Saturday, November 27, 2021




As Disability Employment Awareness Month Ends, NY Efforts Continue


NEW YORK -- National Disability Employment Awareness Month is nearly over, but advocates in New York said there is more progress to be made beyond October.

People with disabilities across all age groups are far less likely to be employed than those living without a disability, according to the U.S. Bureau of Labor Statistics.

Dr. Sharon McLennon-Wier, executive director of the Center for Independence of the Disabled in New York (CIDNY), pointed out people with disabilities also have the highest poverty levels. She is blind, and said stigma is not the only barrier to break down.

"We first have to get trained, we have to get the educational assistance that we need to get trained for a profession," McLennon-Wier explained. "And then, we have to have a profession that actually has available jobs for people with disabilities."

Last year, a report by RespectAbility.org ranked New York 41st in the U.S. for the largest employment gap between workers with and without disabilities.

CIDNY and other advocacy groups support measures like a state bill to increase labor-force participation by mandating 7% of hires among state agencies, courts and the legislature courts be individuals with disabilities. The bill is in an Assembly committee.

Having unreliable transportation is another barrier to employment. In New York City, only one-quarter of more than 470 MTA train stations are accessible to people with disabilities.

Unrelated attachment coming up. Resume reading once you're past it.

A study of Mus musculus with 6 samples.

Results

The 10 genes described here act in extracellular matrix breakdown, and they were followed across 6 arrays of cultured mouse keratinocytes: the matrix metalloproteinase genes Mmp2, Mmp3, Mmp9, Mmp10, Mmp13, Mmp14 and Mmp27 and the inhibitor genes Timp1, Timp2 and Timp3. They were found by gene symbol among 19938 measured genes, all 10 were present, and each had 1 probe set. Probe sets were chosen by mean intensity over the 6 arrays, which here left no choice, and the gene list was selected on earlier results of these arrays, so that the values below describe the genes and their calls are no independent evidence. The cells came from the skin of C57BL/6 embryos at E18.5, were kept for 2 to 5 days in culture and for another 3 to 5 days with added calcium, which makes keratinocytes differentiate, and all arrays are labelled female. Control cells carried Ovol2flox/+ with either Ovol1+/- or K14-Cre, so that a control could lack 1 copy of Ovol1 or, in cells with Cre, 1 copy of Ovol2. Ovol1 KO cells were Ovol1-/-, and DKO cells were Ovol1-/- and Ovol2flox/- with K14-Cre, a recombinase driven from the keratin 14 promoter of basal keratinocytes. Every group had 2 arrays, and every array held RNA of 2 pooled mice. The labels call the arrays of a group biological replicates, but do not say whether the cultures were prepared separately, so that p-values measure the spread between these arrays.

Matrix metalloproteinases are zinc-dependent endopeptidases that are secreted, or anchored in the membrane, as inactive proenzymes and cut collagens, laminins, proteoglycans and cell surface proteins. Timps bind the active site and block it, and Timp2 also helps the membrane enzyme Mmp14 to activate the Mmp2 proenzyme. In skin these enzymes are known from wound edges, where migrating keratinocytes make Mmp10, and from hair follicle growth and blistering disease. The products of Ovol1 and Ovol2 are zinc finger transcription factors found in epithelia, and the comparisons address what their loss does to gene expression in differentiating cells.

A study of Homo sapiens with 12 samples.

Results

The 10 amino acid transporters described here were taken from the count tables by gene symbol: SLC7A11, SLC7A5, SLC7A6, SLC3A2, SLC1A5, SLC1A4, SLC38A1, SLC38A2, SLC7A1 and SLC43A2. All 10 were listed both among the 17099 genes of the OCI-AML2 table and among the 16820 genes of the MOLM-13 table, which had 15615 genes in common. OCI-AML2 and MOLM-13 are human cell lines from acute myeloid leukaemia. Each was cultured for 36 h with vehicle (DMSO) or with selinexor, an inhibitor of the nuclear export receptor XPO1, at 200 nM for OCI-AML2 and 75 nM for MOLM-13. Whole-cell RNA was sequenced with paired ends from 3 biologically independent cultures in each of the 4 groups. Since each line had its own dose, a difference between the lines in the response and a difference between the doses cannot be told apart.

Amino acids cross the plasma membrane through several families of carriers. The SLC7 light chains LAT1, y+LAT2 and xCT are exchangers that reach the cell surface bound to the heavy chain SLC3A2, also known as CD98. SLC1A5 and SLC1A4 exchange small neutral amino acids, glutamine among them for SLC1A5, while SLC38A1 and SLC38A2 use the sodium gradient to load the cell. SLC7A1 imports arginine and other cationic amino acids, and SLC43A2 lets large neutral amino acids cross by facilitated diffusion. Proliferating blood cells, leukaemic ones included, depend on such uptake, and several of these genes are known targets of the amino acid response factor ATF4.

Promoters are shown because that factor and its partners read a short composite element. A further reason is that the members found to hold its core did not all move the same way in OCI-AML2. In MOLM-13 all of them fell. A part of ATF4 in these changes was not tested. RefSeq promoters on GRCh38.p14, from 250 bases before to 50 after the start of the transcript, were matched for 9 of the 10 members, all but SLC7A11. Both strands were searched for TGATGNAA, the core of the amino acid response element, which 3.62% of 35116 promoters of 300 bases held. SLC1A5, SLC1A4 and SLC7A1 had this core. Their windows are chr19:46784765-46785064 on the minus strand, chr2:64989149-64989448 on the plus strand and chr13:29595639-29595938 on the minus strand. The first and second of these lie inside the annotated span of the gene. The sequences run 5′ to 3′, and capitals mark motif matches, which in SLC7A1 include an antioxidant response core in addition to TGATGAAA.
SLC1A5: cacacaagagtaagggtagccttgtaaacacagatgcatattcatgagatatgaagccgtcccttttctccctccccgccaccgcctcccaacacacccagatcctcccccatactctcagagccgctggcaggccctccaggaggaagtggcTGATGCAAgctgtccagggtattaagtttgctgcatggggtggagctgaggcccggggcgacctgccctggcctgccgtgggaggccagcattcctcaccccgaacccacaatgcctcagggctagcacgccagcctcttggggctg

McLennon-Wier noted the inaccessible stations are concentrated in the Bronx, Brooklyn and Queens.

"And the stations that really need the most access are typically in minority neighborhoods," McLennon-Wier emphasized. "And in those minority neighborhoods, you'll find a lot of people of color who have disabilities. And they're the ones that really need the elevators to get and use the train."

New Yorkers with disabilities can use Access-a-Ride to get to other boroughs, but she said the service frequently has delays, and long rides from making multiple stops. While the MTA is slated to make more stations accessible under its current capital plan, CIDNY and other advocates are pushing for Access-a-Ride to implement more direct routes and single rides.

Disclosure: Center for Independence of the Disabled New York contributes to our fund for reporting on Disabilities. If you would like to help support news in the public interest, click here.